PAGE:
World Cup A Target For Cybercriminals
Editor’s Note: Below is an article written by Ammar Hindi, Managing Director Asia Pacific on Security and cybercriminals.
With the world cup season on its way, everyone is glued to their electronic broadcast devices looking for the latest news coming out of Brazil and the fate of their national sides and favorite players. The cybercriminals knows this, and you can bet that they will capitalize on this opportunity to snag the unwary into doing something that would compromise their internet security. Although some of us are getting little wiser to the threat, there are some individuals that are still susceptible to the cybercriminal attacks and have a tendency to click on links or open attachments sent via email without taking any steps to verify the origin of the mail or the validity of the link or attachment. In addressing the problem, organization need to take the extra mile to educate and also implement internal programs to ensure users know how to recognize and cease to click on potential malware.
A certain major sporting event gets underway this month with the eyes of the world glued to their televisions, smartphones, tablets and laptops looking for the latest news coming out of Brazil and the fate of their national sides and favourite players.
The cybercriminal gangs know this as well, and you can bet that they will be doing all they possibly can to snag the unwary into doing something that would compromise their internet security.
It is true that we are all getting a little wiser to the threat. Most people are not likely to click on a link in an email to a cuddly kitten site sent by a stranger, but if the email suggests a key player in the national side is set to miss the rest of the tournament and click for an update, we might just do that.
Unfortunately, the truth remains that we as individuals are the weakest link in the battle against cyber criminals. Many people continue to click on links or open attachments sent via email without taking any steps to verify the origin of the email or the validity of the link or attachment.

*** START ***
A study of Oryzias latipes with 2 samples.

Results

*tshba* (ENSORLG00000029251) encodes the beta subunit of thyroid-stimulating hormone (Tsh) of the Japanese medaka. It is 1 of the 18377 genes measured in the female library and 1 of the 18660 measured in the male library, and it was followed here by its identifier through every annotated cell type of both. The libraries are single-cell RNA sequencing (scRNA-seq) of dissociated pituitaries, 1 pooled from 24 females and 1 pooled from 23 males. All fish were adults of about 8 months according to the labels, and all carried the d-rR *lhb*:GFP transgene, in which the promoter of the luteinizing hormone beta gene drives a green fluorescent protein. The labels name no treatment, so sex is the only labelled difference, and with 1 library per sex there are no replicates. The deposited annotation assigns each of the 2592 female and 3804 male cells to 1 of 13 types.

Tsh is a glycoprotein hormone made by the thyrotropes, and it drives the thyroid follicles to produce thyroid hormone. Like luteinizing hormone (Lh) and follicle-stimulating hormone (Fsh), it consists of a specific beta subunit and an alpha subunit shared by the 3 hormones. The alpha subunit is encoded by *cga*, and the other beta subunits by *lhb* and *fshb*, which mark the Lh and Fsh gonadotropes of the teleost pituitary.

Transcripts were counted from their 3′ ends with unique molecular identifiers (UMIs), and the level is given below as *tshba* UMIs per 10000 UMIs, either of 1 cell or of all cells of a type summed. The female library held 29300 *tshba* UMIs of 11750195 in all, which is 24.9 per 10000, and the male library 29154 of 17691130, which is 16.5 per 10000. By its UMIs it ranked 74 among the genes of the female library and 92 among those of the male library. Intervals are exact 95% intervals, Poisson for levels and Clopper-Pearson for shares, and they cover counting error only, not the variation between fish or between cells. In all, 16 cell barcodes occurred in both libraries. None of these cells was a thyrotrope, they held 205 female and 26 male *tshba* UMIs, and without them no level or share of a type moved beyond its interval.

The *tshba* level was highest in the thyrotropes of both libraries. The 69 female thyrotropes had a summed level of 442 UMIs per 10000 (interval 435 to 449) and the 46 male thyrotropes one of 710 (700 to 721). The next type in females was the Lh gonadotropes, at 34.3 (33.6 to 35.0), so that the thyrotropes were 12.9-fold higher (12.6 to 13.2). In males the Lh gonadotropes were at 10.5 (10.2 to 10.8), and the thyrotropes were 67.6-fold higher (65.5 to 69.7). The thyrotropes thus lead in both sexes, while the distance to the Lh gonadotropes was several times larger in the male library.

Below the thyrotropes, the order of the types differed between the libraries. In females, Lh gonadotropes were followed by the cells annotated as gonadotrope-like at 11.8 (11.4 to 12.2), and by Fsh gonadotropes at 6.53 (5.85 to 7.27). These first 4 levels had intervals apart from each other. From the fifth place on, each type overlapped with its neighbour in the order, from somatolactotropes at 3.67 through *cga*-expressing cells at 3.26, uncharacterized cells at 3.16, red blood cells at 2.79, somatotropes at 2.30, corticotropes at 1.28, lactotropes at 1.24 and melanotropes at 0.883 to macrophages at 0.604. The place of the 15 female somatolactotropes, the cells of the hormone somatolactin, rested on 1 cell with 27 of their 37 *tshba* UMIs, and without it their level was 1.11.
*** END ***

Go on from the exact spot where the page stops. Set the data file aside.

And, we know it only takes one click to for an attacker to establish a foothold in the target’s systems. The 2013 Verizon Data Breach Investigations Report finds that sending just three emails per phishing campaign gives the attacker a 50 percent chance of getting one click. With six emails the success rate goes up to 80 percent and at 10 it is virtually guaranteed.
So, with the world watching the news and matches in Brazil this coming few weeks, what chance does the telcos and businesses have in protecting the networks we use day to day. After all, we all know that work time or not, employees will be watching for the latest news and analysis of the matches and games taking place. And no matter what corporate policy says, you can be sure most will be using their corporate devices to access that information.
We know that security as a people problem is not going away anytime soon, and the advent of the Internet of Everything is going to make this even more of a problem. Not only will users be able to inadvertently expose their systems to malware from their laptops and tablets, they will also be able to click on links from their smartwatches, cars, etc.
In order to address this growing concern, we need to move beyond securing devices and data to addressing the people and process aspects of this problem via education. Organizations must recognize this gap in their security and implement internal programs to ensure users know how to recognize and cease to click on potential malware. They must also understand when and how to inform the organization of any suspicious occurrences so future attempts can be minimized and/or blocked. Raising awareness and offering simple suggestions such as hovering over a link without clicking to view the intended URL, or not opening attachments you didn’t request, can go a long way in the fight against cyber attacks.
Even with the best of education, malware will still make its way onto the network. So organizations need security solutions that couple visibility and control to help protect against these inevitable attacks.
After all you can’t protect what you can’t see. So you need comprehensive visibility into the devices, users, applications and systems that connect to your network day in and day out with the right context. Security solutions that have contextual awareness can see and intelligently correlate extensive amounts of event data related to IT environments.
In the same way the attackers are continually learning as they hone their skills to increase the chances of success, we as defenders need to do the same. Education is an essential component of any well-rounded security strategy but it needs to be combined with visibility and control. That way we can all enjoy the football and at the same time help minimize cyber attacks and protect our networks.